Developer to Harlem pol who blocked project: “Truck you!”
Bruce Teitelbaum eyes depot for big rigs after Council member nixed affordable housing
A Council member who rejected a project in her Harlem district featuring 917 apartments — half of them affordable — now stands to get a truck depot instead.
Developer Bruce Teitelbaum told Patch he is pursuing a facility for “big rigs” at West 145th Street and Lenox Avenue, which he can do without sign-off from Council member Kristin Richardson Jordan.
The socialist politician had refused to support a rezoning for Teitelbaum’s project, One45, which would have doubled the affordability level required by the de Blasio administration’s mandatory inclusionary housing law.
As Jordan saw it, the project’s market-rate units, which accounted for 49 percent of the total, would have gentrified the area, and not every affordable unit would have been within reach of households earning 30 percent of the area median income. Teitelbaum said the project she wanted was not economically feasible.
Dan Garodnick, Mayor Eric Adams’ planning commissioner, whose top goal is to alleviate the city’s housing crisis, later called the project’s rejection a “missed opportunity.”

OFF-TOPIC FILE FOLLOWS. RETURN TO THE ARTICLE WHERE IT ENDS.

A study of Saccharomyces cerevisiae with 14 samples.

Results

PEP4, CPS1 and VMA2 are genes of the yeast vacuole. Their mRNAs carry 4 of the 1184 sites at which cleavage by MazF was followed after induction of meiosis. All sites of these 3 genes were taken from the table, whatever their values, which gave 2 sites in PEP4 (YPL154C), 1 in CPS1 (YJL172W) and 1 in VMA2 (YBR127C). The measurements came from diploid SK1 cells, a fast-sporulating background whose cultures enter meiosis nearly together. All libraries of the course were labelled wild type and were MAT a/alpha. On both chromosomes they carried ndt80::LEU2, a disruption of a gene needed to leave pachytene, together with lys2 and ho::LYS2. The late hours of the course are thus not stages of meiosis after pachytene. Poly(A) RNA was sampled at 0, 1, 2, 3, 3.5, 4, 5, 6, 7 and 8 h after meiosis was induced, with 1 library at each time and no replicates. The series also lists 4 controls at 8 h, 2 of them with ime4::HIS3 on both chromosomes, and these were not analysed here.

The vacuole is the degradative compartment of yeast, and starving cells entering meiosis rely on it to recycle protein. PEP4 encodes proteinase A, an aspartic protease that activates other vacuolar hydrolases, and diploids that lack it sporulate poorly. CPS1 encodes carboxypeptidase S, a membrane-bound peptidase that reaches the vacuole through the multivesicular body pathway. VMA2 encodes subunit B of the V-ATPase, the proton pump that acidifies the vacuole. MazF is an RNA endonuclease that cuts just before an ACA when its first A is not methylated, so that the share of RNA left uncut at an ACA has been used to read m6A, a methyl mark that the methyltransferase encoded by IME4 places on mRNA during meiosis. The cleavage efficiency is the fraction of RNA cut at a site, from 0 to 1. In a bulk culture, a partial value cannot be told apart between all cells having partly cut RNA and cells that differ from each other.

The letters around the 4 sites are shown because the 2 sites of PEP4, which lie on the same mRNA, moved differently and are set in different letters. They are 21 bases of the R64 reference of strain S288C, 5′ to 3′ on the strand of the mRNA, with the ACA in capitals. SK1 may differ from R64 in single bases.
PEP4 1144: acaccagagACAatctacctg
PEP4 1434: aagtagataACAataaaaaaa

According to Patch, Teitelbaum said that under current zoning, a “rental depot for big rigs and trucks” made sense for the site because it is near highways and roads “and we have received a lot of interest in this regard.”
An adjacent gas station is already renting parking spots to cars and a bus, and the zoning seems to allow it, so the developers are moving ahead with the idea, a source told The Real Deal.
Teitelbaum could be bluffing about the truck depot, which would go on a plot that has been vacant since 2016, but he does not have much to lose. Richardson Jordan could remain in her Harlem seat for most of the next decade and keep her veto power over local rezonings, thanks to the Council’s custom of member deference.
Teitelbaum has investors to answer to, and they are not inclined to do nothing with their land, which has several small retail tenants including a KFC, until the Council member moves on or her colleagues agree to go around her.
The developers could also build a self-storage facility and market-rate housing, although nothing on the scale of what they asked Richardson Jordan to approve. They are still pondering their options.
Pursuing another rezoning would take at least a year — the median time is two and a half years, a watchdog group reported this week — and could cost $1 million, if not more, with no guarantee of success.
The last offer on the table, according to a message the Council member sent Teitelbaum in May, was for 457 market-rate units and 458 affordable ones, including 112 for tenants earning 30 percent of area median income, 255 for tenants at 50 percent of AMI, and 91 for tenants at 125 percent of AMI. “Affordable to who[m]?” Jordan wrote, rhetorically.